Jonathan Freeman Poster


Jump to: Overview (1)  | Mini Bio (1)  | Trivia (8)  | Personal Quotes (3)

Overview (1)

Born in Bay Village, Ohio, USA

Mini Bio (1)

Jonathan Freeman was born on February 5, 1950 in Bay Village, Ohio, USA. He is an actor, known for Aladdin (1992), The Producers (2005) and Shining Time Station (1989).

Trivia (8)

Was nominated for Broadway's 1994 Tony Award as Best Actor (Featured Role - Musical) for a revival of "She Loves Me."
Was the voice of the notorious villain Jafar in Disney's 1992 animated feature Aladdin and reprised the role in the 1994 sequel, The Return of Jafar.
On Broadway, in the revival of 42nd Street as Bert Barry [May 2002]
Starring on Broadway in Disney's "The Little Mermaid" as Grimsby. [January 2008]
Seattle, Wa., USA: Now preparing to reprise his role as Jafar in Disney's "Aladdin" as hopeful Broadway musical at the Fifth Avenue Theatre for July 21 opening. [June 2011]
He has a fear of birds.
Only actor to be a member of both the cast of Aladdin (1992) and the 2011 Broadway cast (where he reprised his role of Jafar).
He is also known for performing Jukebox Puppet Band's Tito Swing on Shining Time Station (1989) which was in production around the same time as Disney's animated musical film "Aladdin".

Personal Quotes (3)

I believe I sang the last song Howard Ashman wrote. In December of 1989, I was hired to voice Jafar and I was rushed into the studio in January of 1990 because Howard was not well. They wanted me to demo a song that Howard and Alan Menken had written called "Humiliate the Boy." I remember being rushed into the studio and it being mysterious - being in a studio somewhere making a demo of the song with David Friedman and Alan Menken and some technicians while Howard was on the phone from the hospital. It's a very strong memory for me. And then I remember trying to work quickly on other music while Howard was still around. It was very clear that Howard and Alan were two of my champions on the original project.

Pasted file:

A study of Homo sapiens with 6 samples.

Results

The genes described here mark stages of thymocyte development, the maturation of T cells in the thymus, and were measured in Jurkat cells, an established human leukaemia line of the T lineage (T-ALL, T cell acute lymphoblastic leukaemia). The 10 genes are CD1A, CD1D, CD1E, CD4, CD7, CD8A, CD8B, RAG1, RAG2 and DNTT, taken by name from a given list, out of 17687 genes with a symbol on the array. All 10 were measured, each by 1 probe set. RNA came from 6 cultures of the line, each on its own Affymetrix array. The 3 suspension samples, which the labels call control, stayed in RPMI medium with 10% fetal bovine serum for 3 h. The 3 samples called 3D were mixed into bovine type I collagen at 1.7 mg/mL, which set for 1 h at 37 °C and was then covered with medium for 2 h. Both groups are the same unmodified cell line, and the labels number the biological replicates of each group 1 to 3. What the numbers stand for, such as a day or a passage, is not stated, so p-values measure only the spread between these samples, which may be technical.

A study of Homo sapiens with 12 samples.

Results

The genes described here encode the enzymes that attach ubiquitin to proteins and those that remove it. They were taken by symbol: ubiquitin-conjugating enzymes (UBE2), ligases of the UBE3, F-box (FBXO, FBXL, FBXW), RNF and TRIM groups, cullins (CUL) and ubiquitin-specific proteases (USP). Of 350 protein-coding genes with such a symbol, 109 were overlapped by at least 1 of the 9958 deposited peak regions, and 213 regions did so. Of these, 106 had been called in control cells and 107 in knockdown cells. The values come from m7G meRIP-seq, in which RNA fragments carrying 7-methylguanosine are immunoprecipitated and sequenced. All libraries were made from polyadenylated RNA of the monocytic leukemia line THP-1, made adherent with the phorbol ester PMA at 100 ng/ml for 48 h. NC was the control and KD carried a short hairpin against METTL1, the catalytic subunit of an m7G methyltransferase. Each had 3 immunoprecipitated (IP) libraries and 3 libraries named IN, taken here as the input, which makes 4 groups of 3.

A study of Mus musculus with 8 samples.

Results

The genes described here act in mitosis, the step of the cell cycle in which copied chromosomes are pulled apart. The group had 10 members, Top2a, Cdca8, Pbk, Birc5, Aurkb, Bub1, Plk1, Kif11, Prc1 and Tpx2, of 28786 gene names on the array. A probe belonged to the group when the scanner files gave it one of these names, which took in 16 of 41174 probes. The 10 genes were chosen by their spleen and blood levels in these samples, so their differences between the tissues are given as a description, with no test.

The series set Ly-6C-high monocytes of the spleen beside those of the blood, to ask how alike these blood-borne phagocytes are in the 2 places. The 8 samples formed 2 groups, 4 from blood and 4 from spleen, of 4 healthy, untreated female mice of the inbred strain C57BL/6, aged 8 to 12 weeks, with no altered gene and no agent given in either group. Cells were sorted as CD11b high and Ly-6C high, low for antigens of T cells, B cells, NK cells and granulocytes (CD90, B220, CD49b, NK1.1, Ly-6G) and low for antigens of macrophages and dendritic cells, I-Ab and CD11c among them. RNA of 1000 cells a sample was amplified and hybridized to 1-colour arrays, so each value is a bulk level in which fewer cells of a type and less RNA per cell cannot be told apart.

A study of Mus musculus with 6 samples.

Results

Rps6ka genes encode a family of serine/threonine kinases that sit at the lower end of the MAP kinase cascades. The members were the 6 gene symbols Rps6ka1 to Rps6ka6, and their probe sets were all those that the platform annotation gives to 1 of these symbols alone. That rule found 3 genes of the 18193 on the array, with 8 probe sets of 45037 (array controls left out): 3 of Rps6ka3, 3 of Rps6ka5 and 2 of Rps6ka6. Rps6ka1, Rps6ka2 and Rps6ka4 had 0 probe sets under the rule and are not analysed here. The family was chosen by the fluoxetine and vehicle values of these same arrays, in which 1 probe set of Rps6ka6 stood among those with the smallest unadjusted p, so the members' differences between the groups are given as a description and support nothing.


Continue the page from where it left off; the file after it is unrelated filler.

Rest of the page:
I grew up on Disney movies and, as a kid, I always liked the villains. I loved everything about them - their scale and magic powers - that always appealed to me. So when I got the opportunity to take on Jafar for the film, it was a childhood dream come true.
For years now, whenever I meet people, kids or adults, they'll say, "Talk like Jafar." I tell kids I'll do it - but first they have to close their eyes because I don't look like Jafar in real life. And they would give me the fish-eye: Where's the bird? The staff? The fire?